Cancer survivor’s story brings the PM to tears for a very personal reason

We don’t often see a pollie openly weeping, least of all the PM. But it was the usually stoic PM
New Zealand

We don’t often see a pollie openly weeping, least of all the PM. But it was the usually stoic PM who broke down today, showing emotion in Parliament House during a moving speech.

Malcolm Turnbull, as well as Bill Shorten, listened to Anne-Maree Muldersone talk about her battle with ovarian cancer at the Teal Ribbon Day event in Canberra.

“The courage in which you have battled this disease and the courage in which you told your story here is quite unforgettable,” Turnbull said, reports Yahoo!

“Every single person here has been moved by it.”

Mrs Mulders shared her personal journey of fighting ovarian cancer and how it affected her life and family.

“18 months ago a new thing barged unexpected and uninvited into my life,” she said.

“I went from being a relatively fit and healthy working mum, to being a bald, weak, exhausted patient”.

It’s shocking when you think about the statistics of this seldom talked about disease – nearly 1500 Australian women are diagnosed with ovarian cancer every year.
Mr Turnbull added, “statistics tell us but one side of the story…They don’t describe the impact such a diagnosis has on each woman, their family, their friends and their subsequent journey after hearing the news sent out,” he said.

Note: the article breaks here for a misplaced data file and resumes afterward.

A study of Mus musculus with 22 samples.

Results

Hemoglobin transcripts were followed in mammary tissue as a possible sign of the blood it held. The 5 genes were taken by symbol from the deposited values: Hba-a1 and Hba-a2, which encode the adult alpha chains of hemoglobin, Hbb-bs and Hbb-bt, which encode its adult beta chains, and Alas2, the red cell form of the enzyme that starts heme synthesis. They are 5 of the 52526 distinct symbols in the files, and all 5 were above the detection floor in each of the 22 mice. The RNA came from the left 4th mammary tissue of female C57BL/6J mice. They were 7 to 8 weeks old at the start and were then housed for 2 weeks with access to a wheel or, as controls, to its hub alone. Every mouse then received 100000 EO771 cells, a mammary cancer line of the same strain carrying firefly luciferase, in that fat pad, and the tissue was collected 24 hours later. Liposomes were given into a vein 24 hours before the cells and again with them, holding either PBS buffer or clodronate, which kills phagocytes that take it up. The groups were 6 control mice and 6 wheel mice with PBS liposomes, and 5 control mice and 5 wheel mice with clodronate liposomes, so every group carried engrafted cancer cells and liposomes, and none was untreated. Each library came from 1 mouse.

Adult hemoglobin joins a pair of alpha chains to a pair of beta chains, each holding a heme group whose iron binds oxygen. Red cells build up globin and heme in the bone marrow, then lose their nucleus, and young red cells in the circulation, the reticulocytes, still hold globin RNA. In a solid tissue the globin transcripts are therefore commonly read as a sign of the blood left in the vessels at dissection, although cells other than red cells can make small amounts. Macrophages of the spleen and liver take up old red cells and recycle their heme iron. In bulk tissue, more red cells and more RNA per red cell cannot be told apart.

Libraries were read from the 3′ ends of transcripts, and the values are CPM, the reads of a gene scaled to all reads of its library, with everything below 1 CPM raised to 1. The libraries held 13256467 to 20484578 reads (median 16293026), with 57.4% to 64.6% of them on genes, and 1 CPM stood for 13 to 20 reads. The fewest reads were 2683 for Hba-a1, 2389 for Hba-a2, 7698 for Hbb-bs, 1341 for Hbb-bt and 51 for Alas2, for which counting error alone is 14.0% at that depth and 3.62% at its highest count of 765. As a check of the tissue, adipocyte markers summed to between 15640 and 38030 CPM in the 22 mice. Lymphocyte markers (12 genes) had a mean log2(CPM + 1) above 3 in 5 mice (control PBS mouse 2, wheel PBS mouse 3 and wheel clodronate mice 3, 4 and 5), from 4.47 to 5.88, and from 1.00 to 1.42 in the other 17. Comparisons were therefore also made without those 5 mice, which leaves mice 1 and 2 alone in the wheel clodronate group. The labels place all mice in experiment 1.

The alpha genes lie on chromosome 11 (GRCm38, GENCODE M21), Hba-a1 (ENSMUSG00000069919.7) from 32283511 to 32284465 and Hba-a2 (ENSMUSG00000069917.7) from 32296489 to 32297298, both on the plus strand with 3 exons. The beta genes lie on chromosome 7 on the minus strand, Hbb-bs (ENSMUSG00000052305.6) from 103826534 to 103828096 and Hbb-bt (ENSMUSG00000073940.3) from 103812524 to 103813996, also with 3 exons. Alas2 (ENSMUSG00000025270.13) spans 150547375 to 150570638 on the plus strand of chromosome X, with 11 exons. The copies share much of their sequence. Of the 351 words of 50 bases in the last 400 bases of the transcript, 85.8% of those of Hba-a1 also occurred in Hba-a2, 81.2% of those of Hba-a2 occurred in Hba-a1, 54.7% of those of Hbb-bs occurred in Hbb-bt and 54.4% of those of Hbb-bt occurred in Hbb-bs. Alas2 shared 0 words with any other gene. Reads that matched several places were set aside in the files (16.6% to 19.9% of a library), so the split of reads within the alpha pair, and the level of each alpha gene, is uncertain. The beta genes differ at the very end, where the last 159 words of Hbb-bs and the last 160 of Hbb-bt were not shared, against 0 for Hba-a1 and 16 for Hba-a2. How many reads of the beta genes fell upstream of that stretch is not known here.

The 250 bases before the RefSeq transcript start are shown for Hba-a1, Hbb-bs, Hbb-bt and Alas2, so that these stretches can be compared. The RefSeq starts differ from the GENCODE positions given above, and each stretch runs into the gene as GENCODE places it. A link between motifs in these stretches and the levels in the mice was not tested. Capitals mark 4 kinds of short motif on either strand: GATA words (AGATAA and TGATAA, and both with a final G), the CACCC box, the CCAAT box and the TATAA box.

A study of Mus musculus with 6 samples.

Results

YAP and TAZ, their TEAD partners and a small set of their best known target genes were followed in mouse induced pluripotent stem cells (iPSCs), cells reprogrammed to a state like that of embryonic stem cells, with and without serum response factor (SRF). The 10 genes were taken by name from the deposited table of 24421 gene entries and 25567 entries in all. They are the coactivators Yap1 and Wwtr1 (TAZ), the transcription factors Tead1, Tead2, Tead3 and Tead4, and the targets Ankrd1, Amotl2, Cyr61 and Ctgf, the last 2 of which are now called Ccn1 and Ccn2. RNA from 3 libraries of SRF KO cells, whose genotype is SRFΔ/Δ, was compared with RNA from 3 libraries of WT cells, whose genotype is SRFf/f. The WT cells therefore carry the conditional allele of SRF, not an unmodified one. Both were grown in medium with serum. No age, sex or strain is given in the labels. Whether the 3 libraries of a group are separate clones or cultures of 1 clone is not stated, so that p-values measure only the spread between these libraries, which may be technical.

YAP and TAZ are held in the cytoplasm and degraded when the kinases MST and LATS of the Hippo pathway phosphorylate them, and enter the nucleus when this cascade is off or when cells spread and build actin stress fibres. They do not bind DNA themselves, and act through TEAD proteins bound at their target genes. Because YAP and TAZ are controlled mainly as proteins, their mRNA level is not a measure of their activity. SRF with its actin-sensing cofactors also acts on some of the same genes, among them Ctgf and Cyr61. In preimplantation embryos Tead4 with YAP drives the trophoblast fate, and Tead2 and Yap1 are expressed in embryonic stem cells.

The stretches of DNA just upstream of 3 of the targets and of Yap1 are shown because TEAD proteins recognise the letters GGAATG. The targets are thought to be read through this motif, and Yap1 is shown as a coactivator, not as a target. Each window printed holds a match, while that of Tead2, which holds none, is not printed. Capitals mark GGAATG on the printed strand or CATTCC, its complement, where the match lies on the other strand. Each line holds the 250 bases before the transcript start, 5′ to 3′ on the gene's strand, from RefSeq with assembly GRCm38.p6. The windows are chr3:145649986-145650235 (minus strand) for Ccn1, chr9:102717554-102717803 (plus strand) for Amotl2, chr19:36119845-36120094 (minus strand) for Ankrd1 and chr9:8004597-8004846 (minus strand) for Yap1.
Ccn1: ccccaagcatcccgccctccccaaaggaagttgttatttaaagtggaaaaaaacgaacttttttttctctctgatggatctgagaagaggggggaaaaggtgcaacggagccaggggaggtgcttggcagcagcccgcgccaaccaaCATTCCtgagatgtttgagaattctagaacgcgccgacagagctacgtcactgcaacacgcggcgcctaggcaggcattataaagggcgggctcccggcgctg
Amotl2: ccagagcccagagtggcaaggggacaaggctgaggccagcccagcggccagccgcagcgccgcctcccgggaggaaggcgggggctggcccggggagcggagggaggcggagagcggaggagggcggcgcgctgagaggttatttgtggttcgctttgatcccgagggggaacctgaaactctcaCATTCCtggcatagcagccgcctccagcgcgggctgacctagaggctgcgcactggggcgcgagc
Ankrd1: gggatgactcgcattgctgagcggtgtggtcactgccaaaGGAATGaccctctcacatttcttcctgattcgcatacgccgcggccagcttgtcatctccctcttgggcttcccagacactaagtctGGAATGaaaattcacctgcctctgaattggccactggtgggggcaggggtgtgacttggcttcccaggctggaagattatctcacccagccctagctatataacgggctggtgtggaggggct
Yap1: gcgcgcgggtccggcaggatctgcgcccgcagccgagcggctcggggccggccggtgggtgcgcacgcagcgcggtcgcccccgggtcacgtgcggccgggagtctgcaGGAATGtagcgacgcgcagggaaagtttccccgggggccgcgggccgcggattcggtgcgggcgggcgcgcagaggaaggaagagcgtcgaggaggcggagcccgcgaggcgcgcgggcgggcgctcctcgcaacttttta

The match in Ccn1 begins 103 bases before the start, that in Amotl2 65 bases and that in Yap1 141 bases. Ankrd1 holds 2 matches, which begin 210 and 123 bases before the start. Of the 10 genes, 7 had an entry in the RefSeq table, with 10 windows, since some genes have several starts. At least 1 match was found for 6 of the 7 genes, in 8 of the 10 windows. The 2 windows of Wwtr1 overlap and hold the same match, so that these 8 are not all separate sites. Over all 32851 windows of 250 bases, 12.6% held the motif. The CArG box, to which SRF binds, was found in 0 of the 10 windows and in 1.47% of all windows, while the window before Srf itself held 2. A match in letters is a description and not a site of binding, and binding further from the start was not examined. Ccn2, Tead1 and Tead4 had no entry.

Mrs Mulders spoke of her doctor calling her to discuss her ovarian cancer diagnosis, and how the only things she had in front of her were a big white envelope containing test results and a red pen.

The mother of two said she madly started scribbling notes.

‘By the time she was diagnosed she was, as is so often the case, in the very advanced stages of the disease,’ he said. Mr Turnbull said the fact the woman’s daughter didn’t have an inkling still haunts her to this day.

‘Greater awareness is a critically important step in the road to early detection,’ he said.

Opposition Leader Bill Shortenexpressed that he was also moved by Ms Mulders’ story.

‘You are reluctant conscripts in a war which you never sought,’ he said. ‘Your story does remind me how much I hate cancer’.